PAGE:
Fish Oil: Omega 3 Fatty Acids and Inflammation

Chronic inflammation is now accepted as the root or driver of most, if not all chronic disease. Stress, genetic predisposition, and exposure to toxins (like secondhand tobacco smoke) can all contribute to such chronic inflammation, but dietary choices and lack of exercise are the most important determining factors.

The Pro-Inflammatory Diet

Most people eat a diet that is “pro-inflammatory.” Breads, baked goods, sugar, candy, boxed cereals, cornstarch, fast foods, fried foods, grains, grain flour, margarine, meat from grain fed cows, meat from grain fed chicken, rice, ice cream, frozen yogurt, jams/jellies, pizza, corn products, peanut butter, and soda all cause inflammation in our bodies. These foods slow the healing process in our bodies and cause unnecessary pain.

Inflammation plays a role not only in pain and injury, but also in heart disease, cancer, and other diseases. Doesn’t it seem futile to eat fats that ramp up inflammation, only to take drugs to combat the effects of our diet — and then have to take other drugs to combat the short-term and long-term effects and diseases those anti-inflammatory drugs cause?

Omega 6 to Omega 3 Ratio

Humans are supposed to consume a balance of Omega 3 to Omega 6 fatty acids. Unfortunately, we consume a diet of as much as 20:1 Omega 6 to Omega 3. Anything above 4:1 is thought to be pro-inflammatory. This excess causes the release of pro-inflammatory chemicals in the body. You need to know that correcting these imbalances is not something a doctor can do for you. Only you can reduce your consumption of Omega 6 and increase Omega 3’s, and this requires a disciplined approach to diet and supplementation. Excess omega 6 fatty acids come from the following sources:

1. Grain/corn fed land animals. Beef is the most obvious, but do not forget about chicken. Also, remember, eggs from grain/corn fed chickens are no good as well.
2. Oils like soybean, peanut, corn, sunflower, safflower, and conttonseed oils. This includes most packaged and processed foods
3. Read your labels, e.g. potato chips! These oils have Omega 6 to Omega 3 ratios that range from 70:1 to over 100:1.
4. Cereals, Grains, grain flours, peanuts, and seeds have ratios of 20:1 or greater. Soy has a ratio of 7:1.
5. Farm raised tilapia and catfish.

What should we eat and why should we eat it?

Meat, chicken, and eggs from grass fed animals (lean meat), wild game, most fish, vegetables, fruit, and seeds such as chia, hemp, and flax. “Maintaining a proper balance between the various families of dietary fats may be one of the most important preventative measures a person can take to reduce the likelihood of developing one of the chronic diseases of modern civilization, such as diabetes, heart disease, obesity, irritable bowel syndrome, and autoimmune disease.”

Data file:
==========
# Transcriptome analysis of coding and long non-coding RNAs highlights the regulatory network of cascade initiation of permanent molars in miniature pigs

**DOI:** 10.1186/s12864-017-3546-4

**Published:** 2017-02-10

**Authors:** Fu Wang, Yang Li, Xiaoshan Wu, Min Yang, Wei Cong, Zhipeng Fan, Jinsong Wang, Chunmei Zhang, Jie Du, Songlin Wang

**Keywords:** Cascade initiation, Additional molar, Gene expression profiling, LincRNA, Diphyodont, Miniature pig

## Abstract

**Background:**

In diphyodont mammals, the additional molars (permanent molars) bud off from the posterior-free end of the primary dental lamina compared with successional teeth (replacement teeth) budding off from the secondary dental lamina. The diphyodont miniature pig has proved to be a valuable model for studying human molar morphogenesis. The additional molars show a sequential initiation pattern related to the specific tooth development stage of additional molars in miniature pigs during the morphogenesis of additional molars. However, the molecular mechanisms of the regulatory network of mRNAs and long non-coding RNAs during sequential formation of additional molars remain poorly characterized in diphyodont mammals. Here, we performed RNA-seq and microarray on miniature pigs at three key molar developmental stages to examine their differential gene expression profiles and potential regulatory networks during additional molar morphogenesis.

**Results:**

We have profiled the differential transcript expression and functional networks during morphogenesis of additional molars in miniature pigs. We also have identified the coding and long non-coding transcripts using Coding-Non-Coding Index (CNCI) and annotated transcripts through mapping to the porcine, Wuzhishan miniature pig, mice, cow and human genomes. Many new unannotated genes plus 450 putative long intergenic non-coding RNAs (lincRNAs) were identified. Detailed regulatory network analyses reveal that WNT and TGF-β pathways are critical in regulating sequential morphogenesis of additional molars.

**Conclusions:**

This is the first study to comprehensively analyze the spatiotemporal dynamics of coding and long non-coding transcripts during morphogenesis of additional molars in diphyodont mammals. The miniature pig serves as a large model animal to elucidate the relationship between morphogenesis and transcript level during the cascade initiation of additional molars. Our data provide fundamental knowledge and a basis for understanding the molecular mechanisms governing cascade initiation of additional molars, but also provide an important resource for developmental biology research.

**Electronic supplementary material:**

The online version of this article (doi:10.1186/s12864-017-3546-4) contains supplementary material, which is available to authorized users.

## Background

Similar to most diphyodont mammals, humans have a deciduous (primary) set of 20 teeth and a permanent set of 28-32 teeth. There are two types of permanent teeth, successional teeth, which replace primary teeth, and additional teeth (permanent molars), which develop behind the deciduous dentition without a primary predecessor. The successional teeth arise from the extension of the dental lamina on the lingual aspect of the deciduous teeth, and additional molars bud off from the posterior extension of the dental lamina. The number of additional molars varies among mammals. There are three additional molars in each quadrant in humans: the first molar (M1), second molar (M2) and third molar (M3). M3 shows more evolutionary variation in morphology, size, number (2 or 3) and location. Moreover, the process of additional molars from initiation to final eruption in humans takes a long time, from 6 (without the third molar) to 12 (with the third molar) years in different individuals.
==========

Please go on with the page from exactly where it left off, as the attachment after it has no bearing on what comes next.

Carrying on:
How effective are Omega 3 fatty acids at removing inflammation?

The researchers in a University of Pittsburgh study published in 2005 using an Omega 3 fatty acid supplement for chronic pain said, “their findings suggest that this could be the answer to the adverse effects seen with nonsteroidal anti-inflammatory drugs (NSAIDs), including cyclooxygenase (COX)-2 inhibitors, which have been associated with potentially catastrophic adverse effects.”

After 75 days of taking high doses of omega-3s, 59% had stopped taking prescription drugs fro their pain. “88% said they were pleased enough with the outcomes that they planned to continue using the fish oils.” “No significant adverse effects were reported.”

Toxic Fat

In his book, Toxic Fat, Barry Sears states, “Classic inflammation hurts; silent inflammation slowly kills.” This toxic fat comes from increased consumption of processed food and increased Omega 6 fatty acids. “The underlying cause of chronic disease comes from increased production of a natural fatty acid called arachidonic acid (AA), which can be incredibly toxic at high concentrations. This is the toxic fat that is key to not only understanding our obesity epidemic but also providing the linkage between obesity and chronic disease.”

Take a look at your blood work from your most recent physical examination. Look for two items: your HDL level and your triglyceride level. If the triglyceride /HDL ratio is greater than 4, you probably have Toxic Fat Syndrome because it means you have insulin resistance.

Why do you need a good fish oil supplement?

A good fish oil supplement can help you get both ratios (the TG/HDL and the Omega 6 to Omega 3) back on track. After trying dozens of fish oil supplements over the years, I have found one I take, my wife takes and my son takes: Liquid OM-3. This has 2250 mg of DHA and EPA per teaspoon. The recommended daily dose is ½ teaspoon (1125 mg) per day.